Simon Pegg turned zombie movies into a romantic comedy by cowriting and starring in Shaun of the Dead. Collaborating again with director Edgar Wright, the boys turned their attention to cop movies. Hot Fuzz focuses on the extravagant American spectacles like Point Break and Bad Boys II, movies that are as overpowering in the UK as they are here.
Simon Pegg Talks Hot Fuzz
"It's not just a number of movies, it's a whole genre that has fed into British culture since the '50s in all its incarnations through the sort of hard bitten French Connection/Serpicos of the '70s through to the more high concept Lethal Weapons and Die Hards and Last Boy Scouts and right into Bad Boys II," explained Pegg. "It's evolved into the British consciousness. And also, we're very hungry for American culture in the UK. I think there's something, we don't quite like seeing ourselves on the screen. We get a bit bored of it so exotic locations and people who have guns is so exciting to us."
The name comes from the style of two-word titles like those mentioned in Pegg's above examples. When musicians The Killers came out with an album called Hot Fuss, it was pure coincidence.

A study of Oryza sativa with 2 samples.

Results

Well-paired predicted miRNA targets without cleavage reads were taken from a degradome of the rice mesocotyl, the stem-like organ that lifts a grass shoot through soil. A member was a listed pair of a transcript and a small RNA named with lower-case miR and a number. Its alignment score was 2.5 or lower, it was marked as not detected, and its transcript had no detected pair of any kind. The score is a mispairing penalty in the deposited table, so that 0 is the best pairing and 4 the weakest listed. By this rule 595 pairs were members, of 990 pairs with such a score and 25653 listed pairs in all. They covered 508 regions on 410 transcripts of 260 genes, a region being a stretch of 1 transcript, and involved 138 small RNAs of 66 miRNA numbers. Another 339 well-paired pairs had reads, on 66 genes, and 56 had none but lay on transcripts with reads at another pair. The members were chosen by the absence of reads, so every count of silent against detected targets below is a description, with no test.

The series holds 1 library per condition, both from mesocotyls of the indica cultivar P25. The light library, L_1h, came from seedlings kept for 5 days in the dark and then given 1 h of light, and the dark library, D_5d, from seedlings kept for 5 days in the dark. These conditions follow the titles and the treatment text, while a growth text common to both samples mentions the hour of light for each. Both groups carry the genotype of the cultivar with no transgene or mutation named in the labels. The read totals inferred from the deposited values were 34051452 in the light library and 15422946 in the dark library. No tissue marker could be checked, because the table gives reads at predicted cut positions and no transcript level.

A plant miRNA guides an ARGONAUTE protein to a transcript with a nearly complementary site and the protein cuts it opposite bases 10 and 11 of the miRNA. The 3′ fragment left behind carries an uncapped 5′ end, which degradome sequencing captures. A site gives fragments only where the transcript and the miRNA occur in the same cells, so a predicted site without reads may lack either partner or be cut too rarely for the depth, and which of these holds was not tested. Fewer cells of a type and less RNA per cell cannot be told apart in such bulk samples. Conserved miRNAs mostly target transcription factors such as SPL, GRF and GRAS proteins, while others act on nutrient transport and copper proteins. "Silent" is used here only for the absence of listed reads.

"We came before that although it was a simultaneous sort of moment. We were in New York and I walked into a record shop and there it was and I thought, 'Oh sh*t, someone's made an album with a very similar title to our film.' But we saw the Killers recently at a thing. We didn't sort of talk about it either, did we? We just sort of said hello to them."
Pegg has made his own big American action movie, but his Mission: Impossible III role kept him from most of the spectacle. "Most of my stuff was actually fairly studio based. I was kind of IMF headquarters so I didn’t get to see too much of the action. I did go to set one day and they were shooting a scene where the car was rolling over and over and that was very interesting to watch. It was interesting to see just how similar huge budget and small budget films are. It's not a massive leap really. It's the same dynamic on set, it's the same relationship between the first and the cast and the first and the director, the director and the cast and so on and so on. What differs are the resources and it was amazing to see the resources they had on Mission: Impossible III. It was $180 million worth of film there. You could make a hell of a lot of Hot Fuzzes for that. The catering was probably the thing that amazed me the most."
Though most of the films mentioned so far are part of lucrative franchises, Pegg doesn't think Hot Fuzz should spawn sequels. "I don't know, I think it would be silly to do. It's an easier sequel to do than Shaun of the Dead because it's just Danny and Angel getting into another adventure, but it's like Hot Fuzz is like an origin story. It's how they become Hot Fuzz and I think once you have them just being Hot Fuzz, it'll be less fun. It would just be two hours of the last half hour of Hot Fuzz. Tiring."
Hot Fuzz opens to theatres tomorrow, April 20th.